April 5, 2012

The Healthcare Conundrum.

Nothing gets a good politician worked up to a frothy state (see what I did there?) like the mention of the Affordable Health Care act a.k.a. “Obamacare”.

Now before I continue this blog entry, I must say that I don’t like the term Obamacare. It’s snarky. And even though the Obama administration has begun “owning” the term by using it themselves, I still think that it’s a snide way of referring to the Affordable Health Care Act. We don’t call Social Security “FDR Security” or “Roosevelt Security” and we don’t call Medicare “JohnsonCare”, but those programs were started back when people had more class and respect for one another, at least in a general sense, so we didn’t do things that way back then. “Obamacare” just rubs me the wrong way.

Anyway, I think that the Affordable Health Care Act is generally a good idea. I agree that ALL Americans, regardless of socio-economic standing should be afforded the same basic healthcare benefits. No one should be forced to choose whether or not they can treat cancer or HIV or the results of a catastrophic accident on the basis of financial standing. And quite frankly, I don’t believe that people should be turned away from insurance companies due to a pre-existing condition.

Now I fully believe in smaller government and I believe that the government is involved in way too many things that quite frankly is none of their business. But with that being said, I do believe that the government should impose regulations on insurance companies and the medical industry (the word ‘industry’ is completely on purpose) to keep costs under control so that medical care is affordable and available for everyone. Personally I think that regulation should dictate a cap on the percentage of profits made from medical care and associated services (pharmaceuticals, etc). It goes completely against my Libertarian streak but if they can’t behave themselves then someone has to reel them in.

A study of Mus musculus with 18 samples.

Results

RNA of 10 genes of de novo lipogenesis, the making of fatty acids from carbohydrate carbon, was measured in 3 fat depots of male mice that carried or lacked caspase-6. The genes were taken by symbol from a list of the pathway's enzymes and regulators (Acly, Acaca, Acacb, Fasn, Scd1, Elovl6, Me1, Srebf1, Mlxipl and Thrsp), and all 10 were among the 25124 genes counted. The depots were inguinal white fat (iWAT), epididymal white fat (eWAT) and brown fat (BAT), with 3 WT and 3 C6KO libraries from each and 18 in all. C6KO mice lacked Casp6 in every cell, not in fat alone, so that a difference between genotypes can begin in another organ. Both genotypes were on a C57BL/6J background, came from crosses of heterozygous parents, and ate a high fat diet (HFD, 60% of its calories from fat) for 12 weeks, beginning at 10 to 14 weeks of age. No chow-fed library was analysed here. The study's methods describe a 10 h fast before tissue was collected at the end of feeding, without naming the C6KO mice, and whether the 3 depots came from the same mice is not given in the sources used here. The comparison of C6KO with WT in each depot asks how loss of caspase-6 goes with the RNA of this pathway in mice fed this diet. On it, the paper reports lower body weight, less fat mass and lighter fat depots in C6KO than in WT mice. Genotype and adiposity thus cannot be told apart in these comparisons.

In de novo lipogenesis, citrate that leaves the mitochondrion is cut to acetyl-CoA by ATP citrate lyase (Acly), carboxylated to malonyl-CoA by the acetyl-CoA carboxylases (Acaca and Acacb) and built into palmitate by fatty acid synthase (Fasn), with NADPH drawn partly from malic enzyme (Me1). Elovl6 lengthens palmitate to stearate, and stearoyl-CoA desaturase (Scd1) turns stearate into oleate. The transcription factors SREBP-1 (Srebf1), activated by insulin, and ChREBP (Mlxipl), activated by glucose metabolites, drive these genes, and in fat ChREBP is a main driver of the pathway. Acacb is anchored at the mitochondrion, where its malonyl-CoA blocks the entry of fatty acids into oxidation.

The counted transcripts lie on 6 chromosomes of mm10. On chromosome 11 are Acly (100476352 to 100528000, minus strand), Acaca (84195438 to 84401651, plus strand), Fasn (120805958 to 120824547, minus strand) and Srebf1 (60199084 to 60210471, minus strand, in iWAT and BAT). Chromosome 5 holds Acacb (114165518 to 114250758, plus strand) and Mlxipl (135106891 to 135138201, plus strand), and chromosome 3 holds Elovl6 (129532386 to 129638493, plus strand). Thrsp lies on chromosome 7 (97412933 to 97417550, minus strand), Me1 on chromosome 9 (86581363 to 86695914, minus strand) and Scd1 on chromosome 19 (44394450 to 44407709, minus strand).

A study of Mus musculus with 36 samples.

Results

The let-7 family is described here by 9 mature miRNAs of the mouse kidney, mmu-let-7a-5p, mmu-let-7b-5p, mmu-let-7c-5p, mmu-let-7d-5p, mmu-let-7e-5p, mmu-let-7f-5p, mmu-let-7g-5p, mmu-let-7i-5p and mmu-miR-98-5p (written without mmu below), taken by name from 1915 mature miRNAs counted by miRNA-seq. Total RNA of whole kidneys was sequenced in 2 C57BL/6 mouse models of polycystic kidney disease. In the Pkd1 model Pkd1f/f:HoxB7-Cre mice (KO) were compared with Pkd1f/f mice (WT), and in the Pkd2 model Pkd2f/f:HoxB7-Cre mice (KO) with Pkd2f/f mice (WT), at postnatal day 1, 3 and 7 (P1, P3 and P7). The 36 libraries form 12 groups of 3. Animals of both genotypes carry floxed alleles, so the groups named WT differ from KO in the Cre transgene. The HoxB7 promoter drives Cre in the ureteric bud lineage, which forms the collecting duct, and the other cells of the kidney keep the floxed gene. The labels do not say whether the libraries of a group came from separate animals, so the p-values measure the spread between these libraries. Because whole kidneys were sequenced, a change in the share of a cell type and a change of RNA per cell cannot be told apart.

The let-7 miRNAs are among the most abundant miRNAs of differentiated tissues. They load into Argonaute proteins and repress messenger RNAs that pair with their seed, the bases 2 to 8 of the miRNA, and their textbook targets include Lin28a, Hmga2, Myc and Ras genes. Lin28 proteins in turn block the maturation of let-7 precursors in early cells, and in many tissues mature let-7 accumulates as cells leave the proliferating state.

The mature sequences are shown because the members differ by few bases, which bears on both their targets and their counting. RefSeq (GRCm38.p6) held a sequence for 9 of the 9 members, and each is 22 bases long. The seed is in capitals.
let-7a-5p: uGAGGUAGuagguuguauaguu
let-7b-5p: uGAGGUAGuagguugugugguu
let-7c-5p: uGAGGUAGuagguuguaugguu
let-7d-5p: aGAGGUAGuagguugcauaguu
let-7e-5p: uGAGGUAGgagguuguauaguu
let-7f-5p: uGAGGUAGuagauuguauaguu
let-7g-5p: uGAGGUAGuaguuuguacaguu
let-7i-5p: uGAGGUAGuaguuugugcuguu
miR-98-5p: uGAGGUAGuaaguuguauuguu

However, there is one thing about the Affordable Care Act that just rubs me the wrong way. There’s actually a couple of things, but I’ll focus on the main thing so that I don’t sound like I’m completely ranting.

I have issue with Americans being penalized for not carrying health insurance. I had a problem with Massachusetts instituting that approach and now that it’s in the ACA I have an even bigger problem with it.

There are people in the United States that do not believe in Western medicine. Admittedly, the percentage is quite small, but there are folks that do not believe in loading up their body with man-made chemicals designed to treat symptoms of a problem. Some simply believe that they should strive to eat healthier and make healthy choices with their lifestyle instead of taking a cholesterol lowering pill that’s going to slowly destroy their liver. There may be some women that don’t believe in blasting their boobs with radiation on a routine basis. There could be men that might not want to know about the size of their prostate. Do I agree with their choices? It’s none of my business, but if they decide that they don’t need health insurance because they’re never going to use it then they shouldn’t be penalized for opting out of a plan. There shouldn’t be a tax, there shouldn’t be a fee. At no time should the government say, “you have to buy xxxx from a privately run corporation”. Sorry, I have a problem with that part of the Affordable Care Act. Most disagree with me. Some counter that it’s like paying school taxes when you don’t have kids. I get the theory behind that (investing for the future after all, the children are our future and all those other lyrics), but that bothers me too, but not as much as the mandate in the Affordable Care Act.

I’m rather anxious to hear the Supreme Court’s decision on the subject in June. I really hope that don’t throw out the entire act and do the sensible thing by ruling on just the mandate instead of ruling the whole thing unconstitutional, because in the overall scheme of things, that would be bad. As a relatively sensible individual, I’d rather see the mandate than have Americans denied health insurance based on the whims of the greedy insurance companies.

But every time that mandate part is mentioned around me, I’ll roll my eyes and sigh.